COLUMN: Should You Prepare For A Protracted Downturn?

The Channel Company’s Executive Chairman Robert Faletra says while the technology industry has been spared the worst of post-pandemic economic downturn, that won’t remain the case for long.


Hi-tech has largely been spared many of the challenges facing most industries as a result of the coronavirus and the forced economic shutdown used to combat the contagiousness of COVID-19. But whether that will be the case if economies worldwide are not allowed to return to normal remains unlikely.

To a large degree, high-tech has benefited from the fact that poorly prepared government agencies and politicians worldwide saw no option other than forcing citizens to quarantine. The run-up in sales of mobile devices, richer networks and videoconferencing technology is part of the proof.

The solution provider community has largely done well selling and supporting the capability to deploy a dispersed work-from-home workforce. But while some of their customers can accomplish their sales and service goals from remote nontouch locations, that’s not true across the board.


Empty office parks prompted by massive work-from-home initiatives mean local restaurants aren’t operating at capacity. Cars aren’t being driven as they once were, so gas pumps aren’t cranking nor are tires and brakes wearing down. Business at auto repair shops as a result is slow.

Most importantly, the fact that many schools are being closed to in-person instruction is having a huge ripple effect. It limits parents’ ability to work as they once did, in turn reducing the productivity and income or eliminating it. With no school sports, the local sporting goods store that provides uniforms and equipment is heading toward closure.

My point here is that with this pandemic problem unsolved since it escaped from China, small businesses across the country are getting clobbered, and many are closing or on the brink.

To consider the seriousness of this, small business makes up 50 percent of private sector employment and 43 percent of high-tech employment. If you categorize small business as companies with fewer than 500 employees, as the government does, of the roughly 28 million companies in the U.S. only about 18,500 are above that small-business threshold.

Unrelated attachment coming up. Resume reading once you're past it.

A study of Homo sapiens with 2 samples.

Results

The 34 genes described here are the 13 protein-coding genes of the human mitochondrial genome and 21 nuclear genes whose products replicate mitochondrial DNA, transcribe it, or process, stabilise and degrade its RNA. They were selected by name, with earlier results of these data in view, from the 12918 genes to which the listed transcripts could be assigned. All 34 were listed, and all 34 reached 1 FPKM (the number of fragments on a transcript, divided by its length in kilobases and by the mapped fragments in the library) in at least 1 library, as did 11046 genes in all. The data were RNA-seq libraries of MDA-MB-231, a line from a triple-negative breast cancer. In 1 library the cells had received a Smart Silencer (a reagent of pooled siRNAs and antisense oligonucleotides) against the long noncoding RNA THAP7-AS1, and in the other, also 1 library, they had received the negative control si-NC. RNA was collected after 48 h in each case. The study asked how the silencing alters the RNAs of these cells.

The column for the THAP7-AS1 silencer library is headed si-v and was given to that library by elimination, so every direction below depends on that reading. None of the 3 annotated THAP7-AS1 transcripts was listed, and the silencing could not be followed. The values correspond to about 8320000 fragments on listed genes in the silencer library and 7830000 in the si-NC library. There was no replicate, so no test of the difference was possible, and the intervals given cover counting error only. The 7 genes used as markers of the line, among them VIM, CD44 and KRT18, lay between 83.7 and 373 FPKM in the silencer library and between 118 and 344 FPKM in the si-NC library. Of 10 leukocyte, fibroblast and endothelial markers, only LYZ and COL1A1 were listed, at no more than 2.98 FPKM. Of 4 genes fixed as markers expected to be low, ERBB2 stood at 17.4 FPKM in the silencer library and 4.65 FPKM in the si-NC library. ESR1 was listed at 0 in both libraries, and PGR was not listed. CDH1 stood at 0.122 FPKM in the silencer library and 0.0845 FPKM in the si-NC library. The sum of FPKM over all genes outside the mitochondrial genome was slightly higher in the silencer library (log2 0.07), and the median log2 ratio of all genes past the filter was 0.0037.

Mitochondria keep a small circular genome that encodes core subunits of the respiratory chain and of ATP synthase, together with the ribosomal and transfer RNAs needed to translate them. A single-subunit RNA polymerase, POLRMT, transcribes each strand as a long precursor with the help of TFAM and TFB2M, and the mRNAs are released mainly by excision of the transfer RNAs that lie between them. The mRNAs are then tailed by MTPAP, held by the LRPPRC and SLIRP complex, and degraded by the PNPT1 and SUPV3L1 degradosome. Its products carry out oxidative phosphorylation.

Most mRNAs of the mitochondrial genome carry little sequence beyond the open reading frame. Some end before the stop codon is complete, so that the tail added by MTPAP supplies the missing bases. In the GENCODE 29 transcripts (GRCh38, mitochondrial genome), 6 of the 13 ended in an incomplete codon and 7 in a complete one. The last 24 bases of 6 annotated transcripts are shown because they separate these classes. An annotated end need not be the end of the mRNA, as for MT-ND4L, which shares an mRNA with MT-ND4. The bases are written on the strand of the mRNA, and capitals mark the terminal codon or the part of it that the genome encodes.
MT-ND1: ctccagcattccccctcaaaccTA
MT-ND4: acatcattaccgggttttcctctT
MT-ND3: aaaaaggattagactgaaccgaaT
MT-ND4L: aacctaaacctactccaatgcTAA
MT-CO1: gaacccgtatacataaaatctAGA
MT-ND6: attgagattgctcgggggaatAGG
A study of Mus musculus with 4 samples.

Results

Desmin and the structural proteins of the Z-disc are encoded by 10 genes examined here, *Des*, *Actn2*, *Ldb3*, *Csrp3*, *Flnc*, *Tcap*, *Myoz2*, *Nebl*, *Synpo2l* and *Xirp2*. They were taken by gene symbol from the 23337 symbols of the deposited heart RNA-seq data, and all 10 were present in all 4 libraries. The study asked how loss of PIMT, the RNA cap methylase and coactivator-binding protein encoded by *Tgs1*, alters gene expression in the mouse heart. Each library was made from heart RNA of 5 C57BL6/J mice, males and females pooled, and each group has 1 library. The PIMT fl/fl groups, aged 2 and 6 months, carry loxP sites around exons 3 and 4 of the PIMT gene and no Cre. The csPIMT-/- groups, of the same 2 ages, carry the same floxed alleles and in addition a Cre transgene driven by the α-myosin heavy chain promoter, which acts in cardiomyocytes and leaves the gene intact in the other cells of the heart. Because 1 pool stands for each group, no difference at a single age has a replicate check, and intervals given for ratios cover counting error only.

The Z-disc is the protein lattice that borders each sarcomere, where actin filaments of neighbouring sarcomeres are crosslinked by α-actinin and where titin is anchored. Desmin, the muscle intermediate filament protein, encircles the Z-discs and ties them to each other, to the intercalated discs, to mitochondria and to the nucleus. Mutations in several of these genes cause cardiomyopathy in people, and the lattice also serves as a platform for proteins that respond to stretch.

The supply chain has been disrupted by all this as well. Roofers are telling customers they have a six-month backlog because they can’t source the materials they need. Bicycle shops are being told by all the major suppliers to not expect any new inventory before April of next year. If you have tried to buy a new household appliance, you know the backorder is months.

The question is what will solution providers, most of which are small businesses as well, face if this goes on much longer?

Nearly every business today is a high-tech consumer. The small local bicycle shop has a point-of-sale system with ordering capabilities and inventory management. Solution providers supply them, and if there are fewer of these shops or if they have less business, so will solution providers at some point.

It’s just smart business to plan for the worst and hope for the best. The best sales team you can muster is an advantage because while there are customers in trouble, there are others that are growing nicely and weathering the storm.

It’s times like these that make it clear how important it is to build a recurring services revenue model. The surge in sales of solutions that cater toward enabling a remote workforce isn’t over and to some degree will continue as companies reexamine real-estate needs.

But this pandemic has and is causing real harm to the economy, and it isn’t going to rebound the day we begin vaccinating the population.